Finance Minister Nhlanhla Nene has warned that South Africa’s last investment-grade rating may be at risk due to lower tax revenue collection resulting from the recession.
Speaking at the Tax Indaba in Sandton on Monday, Nene said that the ability of a government to borrow at reasonable interest rates is dependent on tax collections.
“Lower tax collections have serious consequences and can impact everyone, whether it be through lower expenditures on education or health, or through increases in tax rates to make up for shortfall.
“The 2018 budget gave South Africa a credible path forward to keep an investment grade with one of the three credit rating agencies.
“However, there is now a downside risk to tax revenue because of the contraction in the first six months,” the minister said.
Last week, South African markets were hit with shocking data that the country’s economy had contracted by 0.7% in the three months ended in June, following equally shocking results in the first quarter which were revised to a 2.6% contraction from the 2.2% contraction that was previously disclosed.
Economists warned that the two consecutive poor performances would attract the attention of credit rating agencies once again and could lead to South Africa losing its investment-grade rating from Moody’s.
Nene said that tax collection had been disappointing in the last few years, going against a slow economy and the inefficiency of tax administration. He said that growing the economy is “now critical” to expand tax revenue, especially since shortfalls in tax revenue of R30 billion and R49 billion had occurred during the past two fiscal years.
In making up for the shortfalls, National Treasury had increased personal income tax in recent years and, this year, increased value-added tax (VAT). Nene said that tax avoidance and tax evasion would be on the rise in any economy which was growing more slowly and where taxes had been increased.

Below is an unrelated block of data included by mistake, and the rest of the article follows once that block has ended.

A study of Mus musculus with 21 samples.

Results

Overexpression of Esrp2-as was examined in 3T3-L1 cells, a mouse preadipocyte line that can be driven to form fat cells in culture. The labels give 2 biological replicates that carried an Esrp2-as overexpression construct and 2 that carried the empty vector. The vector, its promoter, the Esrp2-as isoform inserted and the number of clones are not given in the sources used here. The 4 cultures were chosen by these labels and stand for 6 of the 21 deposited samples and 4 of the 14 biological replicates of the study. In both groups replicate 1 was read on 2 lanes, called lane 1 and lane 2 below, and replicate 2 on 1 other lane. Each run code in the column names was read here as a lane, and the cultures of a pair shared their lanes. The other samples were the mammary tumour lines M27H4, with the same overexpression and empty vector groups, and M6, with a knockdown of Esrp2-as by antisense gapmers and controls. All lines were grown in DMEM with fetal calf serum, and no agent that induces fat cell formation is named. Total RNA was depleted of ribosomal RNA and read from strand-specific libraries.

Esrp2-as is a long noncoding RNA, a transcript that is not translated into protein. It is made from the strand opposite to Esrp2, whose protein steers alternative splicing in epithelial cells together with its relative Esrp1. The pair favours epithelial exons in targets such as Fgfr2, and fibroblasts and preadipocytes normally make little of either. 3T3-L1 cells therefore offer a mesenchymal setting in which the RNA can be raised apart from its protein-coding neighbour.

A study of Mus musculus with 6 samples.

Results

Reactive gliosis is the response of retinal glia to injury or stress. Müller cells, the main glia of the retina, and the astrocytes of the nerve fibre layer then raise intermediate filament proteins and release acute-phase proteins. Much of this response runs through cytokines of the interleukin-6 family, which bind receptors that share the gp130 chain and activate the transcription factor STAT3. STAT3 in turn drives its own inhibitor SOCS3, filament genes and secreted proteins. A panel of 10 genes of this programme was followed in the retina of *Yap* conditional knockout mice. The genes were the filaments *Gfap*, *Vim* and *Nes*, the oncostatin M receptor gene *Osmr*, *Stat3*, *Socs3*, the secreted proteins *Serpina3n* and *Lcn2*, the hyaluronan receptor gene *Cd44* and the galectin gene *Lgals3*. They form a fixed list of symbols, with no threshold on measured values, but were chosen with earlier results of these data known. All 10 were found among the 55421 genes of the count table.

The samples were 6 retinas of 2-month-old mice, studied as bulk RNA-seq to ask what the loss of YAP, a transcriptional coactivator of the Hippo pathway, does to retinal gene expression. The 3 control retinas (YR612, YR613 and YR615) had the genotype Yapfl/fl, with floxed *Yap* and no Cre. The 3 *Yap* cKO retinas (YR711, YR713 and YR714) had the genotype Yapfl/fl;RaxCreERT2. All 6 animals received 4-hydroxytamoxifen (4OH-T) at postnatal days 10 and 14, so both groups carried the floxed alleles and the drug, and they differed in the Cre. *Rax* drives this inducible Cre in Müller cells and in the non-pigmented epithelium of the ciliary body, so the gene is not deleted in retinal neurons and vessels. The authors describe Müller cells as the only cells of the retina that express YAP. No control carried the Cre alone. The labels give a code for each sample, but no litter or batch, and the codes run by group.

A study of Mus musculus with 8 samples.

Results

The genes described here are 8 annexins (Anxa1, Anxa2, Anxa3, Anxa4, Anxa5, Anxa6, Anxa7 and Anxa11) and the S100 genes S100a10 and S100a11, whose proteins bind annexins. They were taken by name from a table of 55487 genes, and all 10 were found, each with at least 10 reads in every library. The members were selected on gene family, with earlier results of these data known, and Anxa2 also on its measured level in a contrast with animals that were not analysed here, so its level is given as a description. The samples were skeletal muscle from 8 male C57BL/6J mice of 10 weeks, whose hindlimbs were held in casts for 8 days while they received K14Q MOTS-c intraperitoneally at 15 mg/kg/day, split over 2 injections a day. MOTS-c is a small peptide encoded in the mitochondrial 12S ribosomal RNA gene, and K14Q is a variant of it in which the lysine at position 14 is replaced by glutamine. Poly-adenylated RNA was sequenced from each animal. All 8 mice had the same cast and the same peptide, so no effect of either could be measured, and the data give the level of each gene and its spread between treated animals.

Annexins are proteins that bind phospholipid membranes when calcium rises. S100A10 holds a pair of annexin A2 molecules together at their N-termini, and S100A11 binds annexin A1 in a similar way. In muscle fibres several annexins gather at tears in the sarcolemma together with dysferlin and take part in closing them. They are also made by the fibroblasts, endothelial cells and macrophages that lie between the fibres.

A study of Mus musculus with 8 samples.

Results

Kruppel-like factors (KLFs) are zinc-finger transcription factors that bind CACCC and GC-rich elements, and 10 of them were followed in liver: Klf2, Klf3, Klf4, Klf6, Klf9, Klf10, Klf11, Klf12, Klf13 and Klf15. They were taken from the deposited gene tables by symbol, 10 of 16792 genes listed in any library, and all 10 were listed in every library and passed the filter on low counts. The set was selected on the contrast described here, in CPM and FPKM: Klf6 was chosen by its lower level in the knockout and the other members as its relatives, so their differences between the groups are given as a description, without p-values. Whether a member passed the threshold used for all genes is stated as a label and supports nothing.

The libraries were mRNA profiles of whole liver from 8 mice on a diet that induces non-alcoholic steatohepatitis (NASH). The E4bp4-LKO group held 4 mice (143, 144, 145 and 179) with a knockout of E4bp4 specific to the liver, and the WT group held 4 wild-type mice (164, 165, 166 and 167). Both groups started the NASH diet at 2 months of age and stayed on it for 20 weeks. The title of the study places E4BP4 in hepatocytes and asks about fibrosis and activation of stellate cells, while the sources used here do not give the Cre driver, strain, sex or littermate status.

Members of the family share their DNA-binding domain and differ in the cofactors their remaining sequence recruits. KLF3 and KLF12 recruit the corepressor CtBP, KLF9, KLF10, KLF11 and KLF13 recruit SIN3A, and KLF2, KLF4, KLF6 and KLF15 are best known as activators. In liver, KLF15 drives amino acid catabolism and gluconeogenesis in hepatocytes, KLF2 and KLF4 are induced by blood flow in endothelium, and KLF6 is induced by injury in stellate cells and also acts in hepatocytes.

He said to that to combat this, state-owned entities would need to be stabilised and for government to create policy certainty in the mining sector, which would be key to “raising the quality of economic growth”.
“A strong, capable and effective revenue authority must be there to limit [tax evasion] and make sure the correct amount of revenue continues to be collected,” he added.
This has shifted attention back on to Sars, which is currently undergoing a national inquiry that’s looking into the unravelling at the revenue service and its mismanagement by suspended commissioner Tom Moyane.
“We aim to be a society based on democratic values, social justice and human rights. For me, this is about the democratic values of transparency and accountability,” Nene said in attempting to instil some reassurance that the ministry will overcome the economy’s shortfalls.